Geomagnetic Storm Chasing

Jan 10, 2014
www.kevin-palmer.com
I know there are several storm chasers who enjoy shooting the northern lights as well, so feel free to post your pictures to this thread.

NOAA was predicting a strong geomagnetic storm at the beginning of the week after the sun shot off multiple CME's towards earth. They refined the forecast a couple times, but they eventually said it would hit Monday the 22nd and they were correct. Monday was also the day Illinois had a tornado outbreak. I thought if I was very lucky I might see both a tornado and northern lights in the same day. But with storms forming late in the evening and further south than originally predicted, I realized I could not see both. I waited around near Princeton and at 4:30 headed north to Wisconsin to escape the clouds. At that point seeing the northern lights seemed like more of a certainty than seeing a tornado. It was frustrating watching tornadoes on radar move through the same spot I was hours earlier. But it was worth missing out on that to see the best aurora display I have ever seen. It felt like I was in Alaska. I never knew the northern lights could move and change so fast. The aurora was pulsating like a flame and at times rose up and covered most of the sky. Clouds cleared out just in time to see the most intense part of the show. Lightning flashed to the southeast from the Coal City thunderstorm 150 miles away. After the aurora began to wane, an extremely bright display of airglow occurred. It was the first time I've seen it with the naked eye. I believe the strong display was caused by gravity waves from the earlier severe thunderstorms in Illinois. In my time lapse you can see the waves moving from south to north.

These pictures were taken from a lookout tower at Blue Mound State Park, the highest point in Southern Wisconsin.





 
Jan 18, 2015
These are beautiful. They were even seen as far south as arizona. I don't have any myself, but Jeremy Perez managed to get a few nice shots. Obviously not as intense, but amazing nonetheless


What I managed from Arizona was definitely of the bird-f@rt variety, but still something I've been after for years & finally caught a break.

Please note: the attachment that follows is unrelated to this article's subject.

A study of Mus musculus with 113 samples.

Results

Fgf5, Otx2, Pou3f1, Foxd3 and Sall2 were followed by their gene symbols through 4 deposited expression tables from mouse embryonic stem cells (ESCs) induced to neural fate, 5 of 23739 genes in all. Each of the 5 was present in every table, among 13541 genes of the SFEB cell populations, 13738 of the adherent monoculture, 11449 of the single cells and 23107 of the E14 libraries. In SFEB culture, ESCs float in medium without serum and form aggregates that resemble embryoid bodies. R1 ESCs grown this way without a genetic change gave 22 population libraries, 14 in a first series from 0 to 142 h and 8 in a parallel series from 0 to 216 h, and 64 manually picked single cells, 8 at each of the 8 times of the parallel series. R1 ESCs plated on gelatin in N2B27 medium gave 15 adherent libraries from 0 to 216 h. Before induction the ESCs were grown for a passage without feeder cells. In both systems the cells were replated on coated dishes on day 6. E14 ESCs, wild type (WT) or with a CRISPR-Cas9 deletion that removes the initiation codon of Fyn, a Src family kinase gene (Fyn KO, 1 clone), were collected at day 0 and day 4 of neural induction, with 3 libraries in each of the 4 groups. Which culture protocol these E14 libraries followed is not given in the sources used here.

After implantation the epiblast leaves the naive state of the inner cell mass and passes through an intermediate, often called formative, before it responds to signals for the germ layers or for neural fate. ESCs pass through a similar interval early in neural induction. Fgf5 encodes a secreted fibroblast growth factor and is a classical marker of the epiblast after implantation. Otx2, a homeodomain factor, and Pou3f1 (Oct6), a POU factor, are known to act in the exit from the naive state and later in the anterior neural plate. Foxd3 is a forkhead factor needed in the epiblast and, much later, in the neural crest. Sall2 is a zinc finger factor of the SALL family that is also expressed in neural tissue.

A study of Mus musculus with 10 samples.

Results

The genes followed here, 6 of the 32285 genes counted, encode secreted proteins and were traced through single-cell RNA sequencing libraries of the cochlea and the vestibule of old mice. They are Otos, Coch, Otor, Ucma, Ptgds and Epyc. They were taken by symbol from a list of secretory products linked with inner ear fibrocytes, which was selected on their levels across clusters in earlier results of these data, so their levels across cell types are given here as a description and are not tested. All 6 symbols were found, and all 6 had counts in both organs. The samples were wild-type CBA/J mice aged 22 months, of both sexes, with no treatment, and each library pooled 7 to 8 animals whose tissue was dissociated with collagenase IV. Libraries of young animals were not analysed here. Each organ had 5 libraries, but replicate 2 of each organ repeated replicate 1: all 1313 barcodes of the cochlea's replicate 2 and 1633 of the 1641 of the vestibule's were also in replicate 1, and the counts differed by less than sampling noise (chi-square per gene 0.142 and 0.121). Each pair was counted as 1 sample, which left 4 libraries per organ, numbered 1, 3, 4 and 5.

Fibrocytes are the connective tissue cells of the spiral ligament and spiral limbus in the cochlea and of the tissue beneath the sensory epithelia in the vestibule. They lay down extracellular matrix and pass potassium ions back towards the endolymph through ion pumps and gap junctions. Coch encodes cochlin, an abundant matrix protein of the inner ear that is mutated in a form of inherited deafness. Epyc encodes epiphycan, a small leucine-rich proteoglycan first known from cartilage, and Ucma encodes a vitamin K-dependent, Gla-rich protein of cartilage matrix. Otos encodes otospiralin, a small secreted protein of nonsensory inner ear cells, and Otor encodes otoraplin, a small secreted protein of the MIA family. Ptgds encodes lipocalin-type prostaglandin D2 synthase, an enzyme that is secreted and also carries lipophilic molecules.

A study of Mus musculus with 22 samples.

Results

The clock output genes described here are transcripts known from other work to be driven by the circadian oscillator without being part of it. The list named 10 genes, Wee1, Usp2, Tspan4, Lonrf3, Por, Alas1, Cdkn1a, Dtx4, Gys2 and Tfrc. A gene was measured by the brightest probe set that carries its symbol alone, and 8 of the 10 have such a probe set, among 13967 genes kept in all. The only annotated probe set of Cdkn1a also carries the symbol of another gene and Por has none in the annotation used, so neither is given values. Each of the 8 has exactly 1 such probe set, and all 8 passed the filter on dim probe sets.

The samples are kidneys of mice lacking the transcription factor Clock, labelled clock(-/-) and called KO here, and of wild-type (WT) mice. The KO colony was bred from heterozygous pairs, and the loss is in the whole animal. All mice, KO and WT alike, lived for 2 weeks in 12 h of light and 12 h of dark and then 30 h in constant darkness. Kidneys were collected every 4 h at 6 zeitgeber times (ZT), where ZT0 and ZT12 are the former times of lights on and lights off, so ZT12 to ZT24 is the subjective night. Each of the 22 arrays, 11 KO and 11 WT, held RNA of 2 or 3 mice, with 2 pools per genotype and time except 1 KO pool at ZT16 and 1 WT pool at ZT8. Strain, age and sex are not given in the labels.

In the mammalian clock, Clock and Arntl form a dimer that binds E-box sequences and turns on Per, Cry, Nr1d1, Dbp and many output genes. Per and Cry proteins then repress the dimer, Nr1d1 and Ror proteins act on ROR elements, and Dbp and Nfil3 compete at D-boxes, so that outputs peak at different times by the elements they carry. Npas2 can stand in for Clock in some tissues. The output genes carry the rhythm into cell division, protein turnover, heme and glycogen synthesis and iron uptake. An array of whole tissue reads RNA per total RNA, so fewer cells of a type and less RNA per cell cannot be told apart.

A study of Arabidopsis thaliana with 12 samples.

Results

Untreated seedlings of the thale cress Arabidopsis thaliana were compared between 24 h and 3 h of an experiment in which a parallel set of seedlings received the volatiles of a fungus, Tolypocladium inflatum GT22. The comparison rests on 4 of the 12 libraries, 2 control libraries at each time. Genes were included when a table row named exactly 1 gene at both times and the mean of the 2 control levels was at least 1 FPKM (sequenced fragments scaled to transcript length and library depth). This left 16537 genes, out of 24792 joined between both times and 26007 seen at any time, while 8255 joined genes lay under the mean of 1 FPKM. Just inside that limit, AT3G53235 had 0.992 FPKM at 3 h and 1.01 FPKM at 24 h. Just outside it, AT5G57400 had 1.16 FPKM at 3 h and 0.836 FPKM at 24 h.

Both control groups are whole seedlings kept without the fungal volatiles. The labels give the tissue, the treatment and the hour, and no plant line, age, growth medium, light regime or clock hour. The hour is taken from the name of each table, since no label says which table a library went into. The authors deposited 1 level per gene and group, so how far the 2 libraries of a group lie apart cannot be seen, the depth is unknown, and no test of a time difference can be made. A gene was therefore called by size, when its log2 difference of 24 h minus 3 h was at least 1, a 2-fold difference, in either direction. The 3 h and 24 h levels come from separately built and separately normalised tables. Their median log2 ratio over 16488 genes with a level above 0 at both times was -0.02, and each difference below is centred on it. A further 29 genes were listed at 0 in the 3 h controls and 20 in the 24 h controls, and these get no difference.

After seeing reports of people in Kansas catching glimpses, I made a 25 minute drive north of town to darker skies and an area with a pretty good north horizon. I started shooting time lapse and did some nightscape light painting to hopefully get something interesting even if the aurora didn't show. I wound up with some decent whisps of red and green airglow (nothing like that shot, Kevin!).



 
101
261
11
Sheridan, WY
www.kevin-palmer.com
Early yesterday morning a geomagnetic storm brought the northern lights to central Illinois again. But bright moonlight and ground fog hid most of the show.


Also here's a shot taken a couple weeks ago from Brockway Mountain in Michigan. If you want to see the aurora without leaving the continental US then you can't do better than the Copper Harbor area. There wasn't even a geomagnetic storm this night but the aurora was out regardless.

 
Aug 9, 2012
www.facebook.com
I have recently been re-editing quite a few of my older photographs. I managed to find my folder that contained the small collection of the aurora borealis pictures I do have. Nothing terribly impressive, considering what some people get way up north, but these were all taken here in Northern Illinois over the past several years. I hope one of these days to be able to afford a trip way up north to capture photos that I could only dream of right now! :) Anyway here are a few of the ones I've gotten done so far. Enjoy.

Same night as the OP is referring to. These were taken not long after midnight on June 23rd, 2015 from north of Alda, NE (41N)
Best I've ever captured, and looked much more like displays typical from hundreds of miles to the north. In the vertical photo, the two bright stars in the upper left are Merak and Dubhe (the Big Dipper is handle up in the NNW). That's how high off the horizon this display got.
101
261
11
Sheridan, WY
www.kevin-palmer.com
There have been quite a few geomagnetic storms of late. It's been a very cloudy spring here in Wyoming, so I missed most of them. But I finally had perfectly clear weather on Wednesday night coinciding with a G2 geomagnetic storm.



Has anyone else captured the aurora lately?